The mountain lion known as P-22 is seen in Los Angeles' Griffith Park in November 2014. He hid out for a time in the crawl space of a Los Angeles home.
National Park Service
The mountain lion known as P-22 is seen in Los Angeles' Griffith Park in November 2014. He hid out for a time in the crawl space of a Los Angeles home.

Updated at 1:02 p.m. ET

The mountain lion who spent Monday night under a Los Angeles home despite authorities' best efforts to dislodge him appears to have left on his own, a wildlife official says.

There is no sign of P-22, as the tagged mountain lion who lives in Los Angeles' Griffith Park is known, in or around the crawl space under the house in the Los Feliz neighborhood, Trevor Pell, a warden with California's Department of Fish and Wildlife, said.

P-22, as we've previously told you, has his own Facebook fan page and at least two Twitter accounts.

The Los Angeles Times has more on how he ended up under the house:

"The cougar had padded out of the woods of Griffith Park sometime after midnight and taken refuge in the dark, shallow space under the contemporary, white-walled home of Jason and Paula Archinaco.

"By midday, two workers installing a security system as part of a home renovation climbed into the crawl space. One worker quickly came uncomfortably close — eyeball-to-eyeball close — with the cat.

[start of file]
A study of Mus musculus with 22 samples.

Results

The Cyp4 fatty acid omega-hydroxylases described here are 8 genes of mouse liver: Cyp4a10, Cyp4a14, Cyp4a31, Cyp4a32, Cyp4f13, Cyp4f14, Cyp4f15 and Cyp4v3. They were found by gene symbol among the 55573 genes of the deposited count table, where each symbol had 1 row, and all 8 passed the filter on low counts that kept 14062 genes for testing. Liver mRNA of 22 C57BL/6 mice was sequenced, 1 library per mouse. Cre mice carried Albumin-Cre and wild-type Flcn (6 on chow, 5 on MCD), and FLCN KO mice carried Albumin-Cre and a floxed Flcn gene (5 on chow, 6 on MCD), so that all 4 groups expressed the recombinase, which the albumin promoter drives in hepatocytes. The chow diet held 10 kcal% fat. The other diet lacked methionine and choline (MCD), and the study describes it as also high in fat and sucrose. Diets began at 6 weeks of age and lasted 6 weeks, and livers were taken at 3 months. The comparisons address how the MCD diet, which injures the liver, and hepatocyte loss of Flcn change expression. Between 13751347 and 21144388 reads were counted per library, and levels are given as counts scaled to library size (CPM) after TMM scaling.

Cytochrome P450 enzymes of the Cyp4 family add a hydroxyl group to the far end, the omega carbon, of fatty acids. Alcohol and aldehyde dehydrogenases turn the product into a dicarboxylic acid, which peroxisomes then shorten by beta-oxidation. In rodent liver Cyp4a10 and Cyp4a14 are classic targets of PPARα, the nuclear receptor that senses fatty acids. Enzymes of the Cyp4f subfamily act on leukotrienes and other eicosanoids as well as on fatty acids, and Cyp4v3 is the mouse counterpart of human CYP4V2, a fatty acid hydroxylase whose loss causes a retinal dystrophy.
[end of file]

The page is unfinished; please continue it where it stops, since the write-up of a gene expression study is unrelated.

"The workers quickly ran upstairs to alert the owners, who called the city, which then contacted the state."

They tried a host of methods to lure P-22 out of the crawl space: a tennis ball launcher, prodding him with a long pole, even shooting him with bean bags. Nothing worked. At 10 p.m. local time, officials from Fish and Wildlife said they'd let P-22, who was fitted with a GPS collar about three years ago, leave on his own.

P-22, if you remember, was made famous by a photograph of him in front of the Hollywood sign that was taken in 2013 by a National Geographic photographer. Last year, the mountain lion recovered from eating rat poison and from mange. He now appears healthy.

Homeowner Jason Archinaco said he and his wife already have three cats and were considering getting a fourth — "but not this way."

Copyright 2021 NPR. To see more, visit

Krishnadev Calamur is NPR's deputy Washington editor. In this role, he helps oversee planning of the Washington desk's news coverage. He also edits NPR's Supreme Court coverage. Previously, Calamur was an editor and staff writer at The Atlantic. This is his second stint at NPR, having previously worked on NPR's website from 2008-15. Calamur received an M.A. in journalism from the University of Missouri.